On 26th February 2014 a group of 30 museum practitioners gathered at the Royal Society in Edinburgh to discuss the formation of a Happy Museum (or ‘Cantie’ Museum after Burns: “Contented Wi’ Little and Cantie Wi’ Mair”) Community of Practice in Scotland. Supported by Mission, Models, Money the event brought together representatives from Glasgow Museums, Edinburgh Museums and Galleries, National Trust for Scotland, Museums Galleries Scotland, National Museums Scotland and many others.
As Peter Stott of Falkirk Community Trust said in introducing the event – “As David Brower, founder of the John Muir Institute for Environmental Studies said, ‘We don’t inherit the Earth from our ancestors, we borrow it from our children.’ The giving back of our planet to our children is the project of the day – and the Happy Museum Project addresses it in a museum context”.
The group heard from Ben Twist of Creative Carbon Scotland (CCS) who gave an overview of the cultural context and the work of CCS. He spoke of the power of culture to change the world – a power beyond its size and carbon footprint to affect society in a shift from a culture of consumption to one of flourishing.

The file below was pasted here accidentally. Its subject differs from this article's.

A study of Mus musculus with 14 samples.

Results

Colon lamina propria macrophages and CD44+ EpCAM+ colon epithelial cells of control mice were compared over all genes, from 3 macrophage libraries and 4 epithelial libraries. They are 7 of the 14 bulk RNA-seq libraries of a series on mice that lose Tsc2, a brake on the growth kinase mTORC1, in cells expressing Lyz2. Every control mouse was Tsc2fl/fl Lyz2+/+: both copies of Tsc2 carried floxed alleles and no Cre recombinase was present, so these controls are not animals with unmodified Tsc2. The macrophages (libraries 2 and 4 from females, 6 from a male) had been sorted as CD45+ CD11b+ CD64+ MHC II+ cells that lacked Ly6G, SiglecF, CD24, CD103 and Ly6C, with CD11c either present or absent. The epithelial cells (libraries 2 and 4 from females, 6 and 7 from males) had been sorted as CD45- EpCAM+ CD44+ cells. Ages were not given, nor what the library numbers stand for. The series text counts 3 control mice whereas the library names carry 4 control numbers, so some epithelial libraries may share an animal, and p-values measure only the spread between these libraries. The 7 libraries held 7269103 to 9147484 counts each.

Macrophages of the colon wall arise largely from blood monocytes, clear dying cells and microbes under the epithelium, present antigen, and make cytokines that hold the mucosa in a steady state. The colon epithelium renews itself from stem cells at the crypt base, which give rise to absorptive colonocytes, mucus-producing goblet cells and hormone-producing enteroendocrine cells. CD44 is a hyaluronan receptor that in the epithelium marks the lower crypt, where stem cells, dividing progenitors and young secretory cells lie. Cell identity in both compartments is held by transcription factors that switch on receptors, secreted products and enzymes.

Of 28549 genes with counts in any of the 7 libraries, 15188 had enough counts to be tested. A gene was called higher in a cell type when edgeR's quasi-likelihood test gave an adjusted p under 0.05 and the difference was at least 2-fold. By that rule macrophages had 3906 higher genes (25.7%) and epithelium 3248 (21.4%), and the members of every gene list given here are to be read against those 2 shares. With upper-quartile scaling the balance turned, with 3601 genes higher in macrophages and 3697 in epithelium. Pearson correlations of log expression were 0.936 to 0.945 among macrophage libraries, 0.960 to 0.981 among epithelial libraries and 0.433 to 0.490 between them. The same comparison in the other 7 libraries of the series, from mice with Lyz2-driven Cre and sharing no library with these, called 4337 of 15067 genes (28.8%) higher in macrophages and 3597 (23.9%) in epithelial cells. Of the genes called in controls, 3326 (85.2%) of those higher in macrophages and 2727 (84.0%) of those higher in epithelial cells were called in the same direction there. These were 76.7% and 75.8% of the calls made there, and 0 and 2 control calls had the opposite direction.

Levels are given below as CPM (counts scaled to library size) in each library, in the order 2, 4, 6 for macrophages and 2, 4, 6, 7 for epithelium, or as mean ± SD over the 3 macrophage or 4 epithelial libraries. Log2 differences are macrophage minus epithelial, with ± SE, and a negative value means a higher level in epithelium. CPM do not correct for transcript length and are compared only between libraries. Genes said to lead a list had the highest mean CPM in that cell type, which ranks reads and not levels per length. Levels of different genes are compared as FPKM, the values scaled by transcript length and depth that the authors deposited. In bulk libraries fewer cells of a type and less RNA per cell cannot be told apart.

Tony Butler, Founding Director of the Happy Museum introduced the project focusing on activity to date and learning for the future. He was followed by representatives from the Robert Burns Birthplace Trust, Edinburgh Museums and Galleries and Falkirk Community Trust who spoke inspiringly of the ways in which they had applied the Happy Museum Principles in their museums.
A wider ranging discussion followed. The current cultural context was discussed and the time appeared ripe for such a development. Examples of existing ‘Happy Museum’ practice were shared and ideas for the future proposed. It was felt that a Community of Practice would provide a focus for activity, a mechanism for sharing good practice and data, a peer network and an opportunity to raise awareness and share with the wider sector.
By unanimous consensus in the room it was agreed that a Community of Practice be set up – and a core group was tasked with meeting again to develop initial ideas. A small group would also attend the forthcoming Happy Museum Symposium in March to connect with the wider programme.
For more information about developments please email us at Happymuseumproject@gmail.com and we will put you in contact.